How can you tell if you have exercise-induced asthma or just plain asthma? Read on to learn more about the differences between them.

What Is Bronchoconstriction?

Exercise-induced asthma is now known as exercise-induced bronchoconstriction (EIB). Bronchoconstriction occurs when bronchial tubes become narrow and restrict airflow.

Asthma and EIB can have similar symptoms, but EIB is triggered by physical activity. Asthma, which is a constant inflammation of the airways, can have many triggers.

According to the Asthma and Allergy Foundation of America, exercise-induced asthma — but only 10 percent of people who don’t have asthma will experience it.

What Are the Triggers?

Doctors once thought that breathing cold air made EIB worse. But new research indicates that dry air, rather than temperature, is the trigger.

According to the American College of Allergy, Asthma and Immunology, cold air typically contains less moisture. Quickly breathing dry air dehydrates the bronchial tubes, causing them to narrow and restrict airflow, triggering EIB.

Other potential asthma triggers include environmental irritants like pollution, high pollen counts, perfume, chemicals, cleaners, paint, and chlorine in swimming pools.

Symptoms of EIB, which are very similar to those for asthma, include coughing, wheezing, chest tightness, and shortness of breath. Symptoms typically occur five to 10 minutes after exercise begins, and often get worse after you stop exercising. A second wave of less severe symptoms may occur four to 12 hours after you exercise.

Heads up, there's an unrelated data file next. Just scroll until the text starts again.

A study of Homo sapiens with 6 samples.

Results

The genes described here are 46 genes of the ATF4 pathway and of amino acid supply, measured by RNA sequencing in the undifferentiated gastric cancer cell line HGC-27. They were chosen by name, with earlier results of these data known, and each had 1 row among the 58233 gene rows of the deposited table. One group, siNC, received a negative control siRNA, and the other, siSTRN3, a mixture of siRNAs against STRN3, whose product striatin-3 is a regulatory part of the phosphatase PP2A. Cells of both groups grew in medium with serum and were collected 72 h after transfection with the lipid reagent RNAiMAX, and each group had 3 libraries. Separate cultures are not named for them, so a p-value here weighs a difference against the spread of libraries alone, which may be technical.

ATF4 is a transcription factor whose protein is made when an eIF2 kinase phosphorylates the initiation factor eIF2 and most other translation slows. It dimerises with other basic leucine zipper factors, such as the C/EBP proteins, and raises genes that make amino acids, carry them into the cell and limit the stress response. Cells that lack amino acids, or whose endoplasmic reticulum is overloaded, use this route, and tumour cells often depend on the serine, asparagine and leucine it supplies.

Can You Prevent It?

Covering your nose and mouth with a scarf during exercise in cold or dry weather can sometimes help prevent attacks. So can a good warmup before exercising. A study in the British Journal of Sports Medicine showed that a preworkout warmup of about 20 minutes, consisting of several three- to five-minute bouts of high-intensity and variable intensity interval exercises, can help prevent EIB symptoms and stave them off for at least 80 minutes afterward, without the use of medications.

There are three types of treatment doctors may advise for EIB:

  • Short-acting bronchodilators used to prevent symptoms should be taken 10 to 15 minutes before exercise. They also can be used for quick relief during an EIB attack.
  • Long-acting bronchodilators can be taken 30 to 60 minutes before activity but should only be used once within a 12-hour period.
  • Mast cell stabilizers can prevent late-phase reactions and should be taken 15 to 20 minutes before activity. Unlike short-acting bronchodilators, they do not relieve symptoms once an attack begins.

EIB doesn’t have to interfere with your life or limit your activities. There are ways to approach the condition, treat it, and stave off attacks. Always consult your doctor to find the treatment that is best for you.

For more information about EIB and asthma or to schedule an appointment, contact the University of Pittsburgh Asthma Institute, part of UPMC’s Comprehensive Lung Center, at 412-648-6161.